Gosh, so much to tell.
First thing, Mr WithaY got off to Mexico safe and sound. But you know that because he's commented on the blog to tell me.
I can recommend the Sofitel hotel at Gatwick North. The room was more than adequate, the bed was large and comfy and the room service brought us pints of cider. Hurrah! We watched "Prince Caspian" on the in-house movie channel, and had a very pleasant evening.
The trip was enlivened by the lifts. The hotel is built with reception on the first floor, so when you walk in from the car park you have to go up a level. Once you check in they give you an electronic key card thingy so you can operate the main lifts to the bedroom floors and get into your room.
We checked in, were given the cards and headed off to the lifts, hauling all Mr WithaY's huge dive bags along with us. There were 2 lifts, both full of families with many huge bags, so we waited for them to get out and then send the lifts back down.
Lift number one went up and down several times, then finally came back to our floor, but another family with a ton of bags hopped in, so we waited for lift number two. It went to Floor 7, then Floor 4, then back to our floor. The doors opened and the same family were stood in there that we had watched get in several minutes earlier. We exchanged smiles in a "Tch, technology" way, and they vanished up to Floor 7 again. Then Floor 4, then back to us, and the doors opened and there they were again.
"Hello" we said to each other, still smiling. Off they went again. Level 7. Level 4. Back down to us. The doors opened. The little girl squealed with delight and jumped up and down when she saw us. The dad looked at us and muttered "Don't say a bloody word" as the doors closed.
We took the other lift, but not before I made some Americans laugh. They were waiting for the lift, and looking anxiously at the illuminated numbers as it went up.
"Does it come back down?" asked one?
"Oh yes, it goes both ways" I replied smart-arsedly. Heh.
Anyway, we had a very nice evening, and Mr WithaY was up in plenty of time for his 6am check-in. I drove home a little later and spent the rest of the day sorting stuff out for my scary new job.
Which I started on Monday.
It was ok, the journey is bloody long, and it takes me a whisker under 3 hours door to door, but it is do-able. Monday was fine. Tuesday, on the other hand...
I left the office at about 16:25 to get to Waterloo in time to catch the 16:50, which gets me home by about 7pm. I missed it literally by a minute, thanks to the dithering bastards on the Tube who were blocking doors and stairways, and then stopping dead the instant they got off the escalator. Fuckwits.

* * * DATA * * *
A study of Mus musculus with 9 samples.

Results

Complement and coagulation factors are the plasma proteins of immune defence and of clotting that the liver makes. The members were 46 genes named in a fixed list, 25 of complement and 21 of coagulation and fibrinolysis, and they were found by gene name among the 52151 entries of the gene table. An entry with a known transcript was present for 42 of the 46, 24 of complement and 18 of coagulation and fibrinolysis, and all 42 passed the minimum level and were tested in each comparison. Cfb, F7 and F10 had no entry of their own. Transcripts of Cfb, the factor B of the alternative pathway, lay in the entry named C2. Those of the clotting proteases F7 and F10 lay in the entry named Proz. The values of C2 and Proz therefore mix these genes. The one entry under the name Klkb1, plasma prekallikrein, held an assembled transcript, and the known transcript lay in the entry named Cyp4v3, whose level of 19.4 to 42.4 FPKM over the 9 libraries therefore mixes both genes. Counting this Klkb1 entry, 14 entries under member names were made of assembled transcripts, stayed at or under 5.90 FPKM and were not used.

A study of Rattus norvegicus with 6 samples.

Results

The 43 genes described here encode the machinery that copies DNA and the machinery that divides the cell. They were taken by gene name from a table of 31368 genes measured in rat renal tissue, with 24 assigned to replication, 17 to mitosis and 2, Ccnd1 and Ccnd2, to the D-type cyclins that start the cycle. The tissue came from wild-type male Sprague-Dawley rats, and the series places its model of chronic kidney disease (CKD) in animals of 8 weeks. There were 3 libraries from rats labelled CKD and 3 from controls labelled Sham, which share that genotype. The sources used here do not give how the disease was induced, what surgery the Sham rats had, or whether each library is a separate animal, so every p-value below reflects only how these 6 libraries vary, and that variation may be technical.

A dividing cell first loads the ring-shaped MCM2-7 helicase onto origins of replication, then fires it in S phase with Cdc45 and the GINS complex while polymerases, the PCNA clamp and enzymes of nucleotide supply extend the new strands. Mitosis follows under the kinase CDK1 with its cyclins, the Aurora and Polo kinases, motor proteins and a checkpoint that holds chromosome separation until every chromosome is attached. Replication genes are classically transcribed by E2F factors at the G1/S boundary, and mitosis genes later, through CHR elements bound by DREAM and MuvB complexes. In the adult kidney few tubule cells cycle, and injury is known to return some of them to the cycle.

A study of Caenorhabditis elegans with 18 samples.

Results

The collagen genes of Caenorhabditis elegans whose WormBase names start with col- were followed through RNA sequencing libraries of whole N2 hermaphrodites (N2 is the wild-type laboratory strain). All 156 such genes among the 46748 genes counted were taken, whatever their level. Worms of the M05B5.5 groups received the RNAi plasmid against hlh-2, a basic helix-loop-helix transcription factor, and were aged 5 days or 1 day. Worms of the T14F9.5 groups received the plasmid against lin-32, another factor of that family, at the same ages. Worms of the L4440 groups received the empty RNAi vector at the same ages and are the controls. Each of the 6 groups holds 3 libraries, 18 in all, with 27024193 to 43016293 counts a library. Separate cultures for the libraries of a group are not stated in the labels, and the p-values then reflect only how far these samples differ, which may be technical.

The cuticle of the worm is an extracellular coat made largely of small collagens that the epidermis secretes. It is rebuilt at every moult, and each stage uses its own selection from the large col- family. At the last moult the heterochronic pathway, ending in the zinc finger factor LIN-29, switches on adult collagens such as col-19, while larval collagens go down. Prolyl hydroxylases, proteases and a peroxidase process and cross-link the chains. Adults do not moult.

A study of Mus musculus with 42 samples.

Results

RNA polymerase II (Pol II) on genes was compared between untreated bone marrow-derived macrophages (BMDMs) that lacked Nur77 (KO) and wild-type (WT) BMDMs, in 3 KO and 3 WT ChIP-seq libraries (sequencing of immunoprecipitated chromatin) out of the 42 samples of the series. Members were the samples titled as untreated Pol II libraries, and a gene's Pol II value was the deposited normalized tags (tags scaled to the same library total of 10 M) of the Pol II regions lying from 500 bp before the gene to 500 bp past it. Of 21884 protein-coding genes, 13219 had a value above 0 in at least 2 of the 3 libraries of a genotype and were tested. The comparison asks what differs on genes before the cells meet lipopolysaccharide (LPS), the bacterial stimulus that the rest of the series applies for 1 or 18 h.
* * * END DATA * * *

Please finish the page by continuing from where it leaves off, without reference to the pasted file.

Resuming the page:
Not to worry, I thought. I can catch the next train at 17:20. But wait! What's this? The 17:20 to Exeter is CANCELLED.
Why? Fuck knows.
So. Me and about 300 other disgruntled West Country commuters mungoed about on the concourse, gawping hopefully up at the signs, as if that would magic the train up for us.
But then I spotted a crowd gathering on Platform 6. And, ahahahahaaaaaa, the helpful railway chap who I spoke to earlier had shown me the secret special timetable, which said that my train (the 17:50) would be coming to Platform 6. So, I joined the crowd and waited on Platform 6, hoping that was indeed where the train would show up.
Every now and again we caught the tail end of an announcement being made, one of which said our train was Delayed. Arse. The crowd was rapidly becoming a mob, but a British one, so there was a lot of harrumphing and sighing and rustling of newspapers, instead of pitchforks and broken windows and fire.
Eventually, 15 minutes late, the 17:50 rocked up and we stormed onto it, regardless of the poor rail staff trying to make us wait.
Two women had joined the crowd about 25 minutes after me, and were having a loud conversation about how funny it was to be so late. They were both of a certain age*, and were desperate for people to notice them. Desperate.
The fatter of the two started pushing her way to the front of the crowd, closer to the platform edge, making loud remarks about "I bet this is where the train doors will be when it gets here" while her quieter and thinner friend giggled stupidly.
The fat one then buttoned her cape-like coat up and stuck her chest out, making it look like she was heavily pregnant. "Now I'll get a seat" she smirked, making her witless companion laugh even harder.
I moved slightly so that she couldn't get any closer to the platform edge without shoving me, and the chap (about 6 foot 4, I reckon) I had been chatting to did the same, winking conspiratorially at me as he did so.
When the train arrived I took a great delight in standing on the witless one's feet as she tried to follow her fat unpleasant friend as she barged into the carriage in front of people who had been there a lot longer**. They were both very nasty and I hope they get boils. On their arses.
But apart from that, the job. Yes. Well, it is safe to say I am both a small fish in a big pond and a fish out of water. At the bottom of a steep learning curve. Without a paddle.
It will get better. Brrrrrr. Lawyers though. Brrrrrrrrr.
I am having to resist the urge to offer to draw schematic diagrams of the technical equipment procurement process, or explain how to steer a tank, just to try and contribute something.
And there are mice in the office. But apart from that, it's fine.
Other news: Went to see Father-in-Law WithaY in hospital this evening, which was good as he was a bit fed up. I left when the nurses were starting to get him ready for a session on the Walking Around Machine.
And I think the mole is definitely dead. Hurrah. Not that the bloody Mole-Away Techno-stick did any good. Money well spent there. Not.
*Probably slightly older than me, but not much.